The Maserati Story is the story of a family with daring, courageous, forward-looking ideas. It all started with Rodolfo Maserati, father of seven sons. A railway engineer employed by the Italian monarchy, he was the father of a brood which was to write automotive history. The Maserati brothers were born in 1881, year of arrival of the first-born, Carlo, and 1898, when Ernesto was born. This formed a family with a single passion, for engine design and racing cars.
A very precocious, creative engineer, Carlo was the eldest of the Maserati brothers. He built his first single-cylinder engine at just 17 years of age. He immediately caught Fiat’s eye and was hired as a test driver; in the meantime, while in Turin, he built his own first car in his free time. With a wooden chassis and single-cylinder engine, this could be described as the first Maserati in history. In the years which followed, Carlo Maserati also worked for Isotta Fraschini and Bianchi, where he became a racing driver, although he never lost his passion for design engineering. In 1908 he became CEO of the Milan-based firm Junior, before founding his very own firm in 1909, with the dream of producing an outstanding aircraft engine. Carlo Maserati tragically died the following year, stricken by a terrible lung disease.
Before his death Carlo Maserati introduced his brother Alfieri, who was only sixteen years old, to Isotta Fraschini. Alfieri immediately impressed Cesare Isotta, who employed him as a mechanic before appointing him as a racing driver. In 1913 Alfieri opened his own first garage in Bologna, providing service for Isotta Fraschini cars. In 1914 he brought some of his brothers into the firm and founded Società Anonima Officine Alfieri Maserati. A few months later the First World War broke out: Alfieri and his brother Ettore were enlisted, while Ernesto, just 17 years of age, worked in the garage during the day and pursued his technical studies in the evening.
Even with Italy at war, the Maserati brothers did not give up: Alfieri assembled the engines of combat aircraft and patented a high-performance spark plug in association with the driver Trucco. It is an interesting fact that the poet Gabriele d’Annunzio used Alfieri Maserati spark plugs during his famous raid on Vienna. In the meantime, in Bologna, Società Anonima Officine Alfieri Maserati continued in business in various areas.
At the end of the War, the Maserati Brothers moved their garage to more suitable, larger premises in the Pontevecchio area of Bologna. Here Alfieri, Ernesto and Ettore worked on the development of the first Maserati in history. Mario Maserati, the artistic brother with little interest in cars or racing, was tasked with designing the fledgling company’s logo. On the advice of Marquis Diego de Sterlich, a great friend of the family, Mario chose to use one of the symbols of the city of Bologna: the Trident of the statue of Neptune on the fountain in Piazza Maggiore. The colours chosen for the Maserati logo were also those of Bologna itself: blue and red.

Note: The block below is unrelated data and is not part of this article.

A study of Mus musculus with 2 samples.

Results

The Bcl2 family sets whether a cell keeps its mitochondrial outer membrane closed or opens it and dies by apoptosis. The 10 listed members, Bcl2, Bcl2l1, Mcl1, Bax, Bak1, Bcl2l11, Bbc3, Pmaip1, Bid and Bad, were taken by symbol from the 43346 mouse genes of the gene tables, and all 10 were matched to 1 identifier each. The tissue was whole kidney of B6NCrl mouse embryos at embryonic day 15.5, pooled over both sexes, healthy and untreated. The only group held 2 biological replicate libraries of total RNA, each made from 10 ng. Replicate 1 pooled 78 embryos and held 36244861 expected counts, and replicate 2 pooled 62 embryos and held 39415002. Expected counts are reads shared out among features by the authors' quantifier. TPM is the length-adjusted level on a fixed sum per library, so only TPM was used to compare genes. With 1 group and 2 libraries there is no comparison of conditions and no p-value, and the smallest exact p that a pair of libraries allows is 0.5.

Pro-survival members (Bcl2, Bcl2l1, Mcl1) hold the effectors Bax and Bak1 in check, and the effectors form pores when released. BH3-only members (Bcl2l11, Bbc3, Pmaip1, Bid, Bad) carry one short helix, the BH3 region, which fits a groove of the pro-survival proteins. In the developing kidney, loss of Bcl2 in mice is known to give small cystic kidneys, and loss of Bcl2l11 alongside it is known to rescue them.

It was in 1920 that Alfieri Maserati returned to the racing circuits, first driving a SCAT and then a Nesseldorf, but he was dissatisfied with these cars’ performances and so in 1921 he decided to create his own first racing car. Alfieri took an Isotta Fraschini chassis and mounted the Hispano Suiza engine on it. The project’s complexity becomes clearer when we learn that he used a SCAT transmission and other technical components taken from various cars of the time. The car Alfieri created made its debut on 24 July 1921 on the Mugello Circuit, and achieved an impressive second place in its class: its first victory came just two months later. In fact, in September 1921 Alfieri and Ernesto Maserati won the Susa-Moncenisio race, the first in a series of wins, leading the press to start asking questions about this man called Maserati, in a car he built himself, who was winning races ahead of more famous brands.
In 1922 Alfieri Maserati started to work for Diatto, also competing for the Turin racing team. In 1925 Diatto withdrew from racing for financial reasons. So, with the indispensable financial backing of Marquis Diego de Sterlich, the Maserati Brothers decided to buy ten Diatto 30 Sport chassis, opening the way to the production of the first cars to bear the Trident logo. Then, in 1926, came the Maserati Tipo 26, a development of the Diatto GP 8C, rewarding all Alfieri’s design efforts and making his dream come true.
Alfieri won several victories in the early thirties; Maserati’s first international win was at the Tripoli Grand Prix in 1930, and successes continued to arrive as the firm gradually produced a sequence of racing cars. Alfieri Maserati received the honorific title of Cavaliere del Lavoro from the Italian Government, but he died in 1932 during surgery on the only kidney left to him after a terrible accident in 1927. Even in mourning, the Maserati brothers did not give up: Bindo left Isotta Fraschini to join the family firm, becoming Chairman of Maserati and thus carrying forward the history of the Trident Brand.